Dissent in Egypt

Hussam El-Hamalawy, a friend and a “The Arabist” Contributor, has this link to a video on “street activism“. I hadn’t seen it before and found it quite interesting.

What interested me most was the bit near the end. The group of young people that the Journalist/Reporter talked to were, as far as I could tell, AUC Undergraduates. I do not know except two of them personally.

Since I’m a judgemental SOB, let me just say that these people (as AUC students) do represent young people that the NDP would recruit. Those of the NDP target-market are people who see the benefits of being a part of the system, yet at the same time they want reform (or so they say). I had discussed something similar, on this blog, a number of days ago about two of my friends.

What do I think? I think the idea is despicable. Understandably, some of these people I refer to are not like my friends in the fact that some of them are members of the NDP already, and others are well-known for their NDP-sympathies.

The way I see it, they can be categorized into these groups of people (Keep in mind that most of their parents are rich businessmen or “industrialists” or what have you):

  1. Those that are are ignorant of all the political, economic and social atrocities committed by the NDP. They probably think its confined to not allowing people to protest and arresting dissenters and throwing them in jail. They probably think that removing those specific conditions, and not having the road blocked for a couple of hours when Mubarak passes by, will probably mean more democracy in Egypt. They have no knowledge that there are poor people in Egypt beyond the few beggers they see in Cairo. Charity, and not development, does wonders to alleviate any kind of guilty feelings they have (and many of them do, as I’ve seen and heard) towards the current social and economic class distinctions.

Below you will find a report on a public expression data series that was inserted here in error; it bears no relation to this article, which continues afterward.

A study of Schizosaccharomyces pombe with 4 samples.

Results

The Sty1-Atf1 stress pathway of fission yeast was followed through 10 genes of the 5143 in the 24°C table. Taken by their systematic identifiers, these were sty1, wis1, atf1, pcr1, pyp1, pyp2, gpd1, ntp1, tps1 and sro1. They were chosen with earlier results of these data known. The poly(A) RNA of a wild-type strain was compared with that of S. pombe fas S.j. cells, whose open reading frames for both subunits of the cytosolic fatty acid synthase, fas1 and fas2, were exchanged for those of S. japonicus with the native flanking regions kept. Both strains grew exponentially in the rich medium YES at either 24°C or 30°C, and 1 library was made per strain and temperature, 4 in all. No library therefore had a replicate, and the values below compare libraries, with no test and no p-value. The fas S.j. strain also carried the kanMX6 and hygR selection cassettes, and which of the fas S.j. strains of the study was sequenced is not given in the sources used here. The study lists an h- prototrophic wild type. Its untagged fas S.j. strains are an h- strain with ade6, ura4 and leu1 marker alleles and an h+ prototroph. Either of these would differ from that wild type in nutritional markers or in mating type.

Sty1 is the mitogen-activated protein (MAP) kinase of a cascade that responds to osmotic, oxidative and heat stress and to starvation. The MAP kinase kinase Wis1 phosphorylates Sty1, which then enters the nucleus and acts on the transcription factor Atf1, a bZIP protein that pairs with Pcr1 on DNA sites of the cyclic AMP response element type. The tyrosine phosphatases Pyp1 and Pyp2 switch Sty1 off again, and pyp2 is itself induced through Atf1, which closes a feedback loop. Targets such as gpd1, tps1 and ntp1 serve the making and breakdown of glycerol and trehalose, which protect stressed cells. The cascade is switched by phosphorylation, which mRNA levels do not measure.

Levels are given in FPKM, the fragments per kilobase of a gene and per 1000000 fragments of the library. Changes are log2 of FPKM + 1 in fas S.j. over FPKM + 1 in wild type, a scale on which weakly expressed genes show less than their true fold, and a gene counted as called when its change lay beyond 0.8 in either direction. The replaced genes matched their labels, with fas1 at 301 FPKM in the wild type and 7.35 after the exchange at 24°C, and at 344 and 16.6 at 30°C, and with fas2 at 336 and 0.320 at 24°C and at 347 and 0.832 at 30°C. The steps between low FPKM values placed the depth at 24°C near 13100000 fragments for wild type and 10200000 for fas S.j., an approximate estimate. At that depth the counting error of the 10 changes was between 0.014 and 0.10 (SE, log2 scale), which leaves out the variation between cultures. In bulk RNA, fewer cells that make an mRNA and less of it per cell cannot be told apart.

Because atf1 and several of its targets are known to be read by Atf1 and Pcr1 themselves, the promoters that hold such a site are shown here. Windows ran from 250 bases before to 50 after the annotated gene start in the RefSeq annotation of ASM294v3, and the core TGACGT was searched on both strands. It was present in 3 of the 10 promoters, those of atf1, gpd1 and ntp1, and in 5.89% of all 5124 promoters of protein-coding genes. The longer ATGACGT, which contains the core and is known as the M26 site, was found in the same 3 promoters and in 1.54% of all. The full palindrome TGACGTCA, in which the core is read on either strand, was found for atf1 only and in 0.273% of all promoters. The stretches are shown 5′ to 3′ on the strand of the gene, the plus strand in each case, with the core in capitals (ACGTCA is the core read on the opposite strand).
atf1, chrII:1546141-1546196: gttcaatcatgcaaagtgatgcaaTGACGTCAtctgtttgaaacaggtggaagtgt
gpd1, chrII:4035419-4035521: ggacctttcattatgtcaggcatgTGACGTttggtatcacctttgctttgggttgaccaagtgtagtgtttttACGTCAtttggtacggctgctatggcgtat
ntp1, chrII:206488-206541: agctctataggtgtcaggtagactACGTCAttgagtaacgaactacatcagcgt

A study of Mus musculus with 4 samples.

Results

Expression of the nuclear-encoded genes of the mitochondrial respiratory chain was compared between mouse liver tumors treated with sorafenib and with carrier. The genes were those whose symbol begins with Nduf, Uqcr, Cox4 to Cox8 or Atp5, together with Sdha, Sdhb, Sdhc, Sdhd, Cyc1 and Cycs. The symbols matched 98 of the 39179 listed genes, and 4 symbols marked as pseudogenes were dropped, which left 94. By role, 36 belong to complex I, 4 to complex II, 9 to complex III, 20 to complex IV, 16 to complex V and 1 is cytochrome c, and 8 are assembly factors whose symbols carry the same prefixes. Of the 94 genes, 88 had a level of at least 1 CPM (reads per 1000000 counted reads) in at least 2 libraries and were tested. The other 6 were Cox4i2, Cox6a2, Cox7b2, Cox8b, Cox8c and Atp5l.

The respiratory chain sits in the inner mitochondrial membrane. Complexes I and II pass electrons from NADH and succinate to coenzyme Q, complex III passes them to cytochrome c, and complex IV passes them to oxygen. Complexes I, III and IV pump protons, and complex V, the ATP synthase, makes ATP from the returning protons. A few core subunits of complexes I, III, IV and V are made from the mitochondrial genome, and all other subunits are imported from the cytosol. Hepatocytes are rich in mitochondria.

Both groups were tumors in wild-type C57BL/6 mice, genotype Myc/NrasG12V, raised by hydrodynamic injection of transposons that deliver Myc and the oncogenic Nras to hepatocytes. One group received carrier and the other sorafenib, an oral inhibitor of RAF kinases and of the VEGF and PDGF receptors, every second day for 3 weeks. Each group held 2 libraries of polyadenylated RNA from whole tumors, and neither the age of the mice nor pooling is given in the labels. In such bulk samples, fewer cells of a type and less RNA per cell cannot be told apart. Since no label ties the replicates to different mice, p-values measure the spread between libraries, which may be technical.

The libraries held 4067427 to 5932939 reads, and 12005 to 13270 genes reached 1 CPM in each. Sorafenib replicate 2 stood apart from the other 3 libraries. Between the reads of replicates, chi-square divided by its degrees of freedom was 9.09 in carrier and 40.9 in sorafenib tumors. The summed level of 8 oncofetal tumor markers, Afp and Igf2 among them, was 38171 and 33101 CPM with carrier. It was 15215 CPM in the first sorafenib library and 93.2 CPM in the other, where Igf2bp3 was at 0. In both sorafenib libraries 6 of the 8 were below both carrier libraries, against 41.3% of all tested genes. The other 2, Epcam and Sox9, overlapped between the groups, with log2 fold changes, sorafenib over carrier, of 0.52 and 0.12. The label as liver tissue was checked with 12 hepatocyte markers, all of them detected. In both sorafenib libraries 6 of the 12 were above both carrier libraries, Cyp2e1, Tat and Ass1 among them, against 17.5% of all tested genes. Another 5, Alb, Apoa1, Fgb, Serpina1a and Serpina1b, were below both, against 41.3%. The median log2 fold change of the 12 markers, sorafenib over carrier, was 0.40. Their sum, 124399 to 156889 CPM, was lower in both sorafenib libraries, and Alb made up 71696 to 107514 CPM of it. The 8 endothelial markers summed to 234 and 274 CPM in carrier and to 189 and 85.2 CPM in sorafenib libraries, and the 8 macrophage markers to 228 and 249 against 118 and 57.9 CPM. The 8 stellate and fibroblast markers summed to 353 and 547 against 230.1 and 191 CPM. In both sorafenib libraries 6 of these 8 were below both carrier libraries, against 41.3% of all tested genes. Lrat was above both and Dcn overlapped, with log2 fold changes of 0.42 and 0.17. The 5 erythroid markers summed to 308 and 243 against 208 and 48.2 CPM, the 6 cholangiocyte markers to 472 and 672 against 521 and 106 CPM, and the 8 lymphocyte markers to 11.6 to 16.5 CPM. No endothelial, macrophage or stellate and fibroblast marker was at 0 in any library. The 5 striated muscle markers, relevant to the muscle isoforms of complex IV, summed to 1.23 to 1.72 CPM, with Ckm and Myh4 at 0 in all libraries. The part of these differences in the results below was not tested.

2. Those that know that real power lies within joining the NDP. The current Patron-Client system (Shokran ya Menza!) is something they are willing to be a part of in excahnge for a carte blanche that allows them to go about their business successfully without any of the other NDP or NDP-affiliated businessmen enchroaching on their turf. They usually are willing to comprimise their moral beliefs, if they had any to being with, to this effect.
  3. People that cannot be placed in groups 1 or 2. Some think that the way the country is run right now is good. Some believe in reform from “within”. Others believe in other stuff that I, personally, am not privy to.

Those AUC-ians? The boys are mostly of the Group 2 Variety and the girls are mostly of the Group 1 variety. Of course, I say mostly and not completely. There are those that would attend any meeting that they believe to be more constructive because it is carried out in a nice, air-conditioned place where the attendees all speak English and look like they belong to the same social class.

That’s about it.

Please keep in mind that I was not trying to be mean, in the least. I am disgusted sometimes, frustrated at other times, but mainly… I just ignore them. Oh! One last thing, did you hear that remark about “future leaders”? More AUC-implanted class distinction bullshit which, by the way things are going, is highly likely to occur.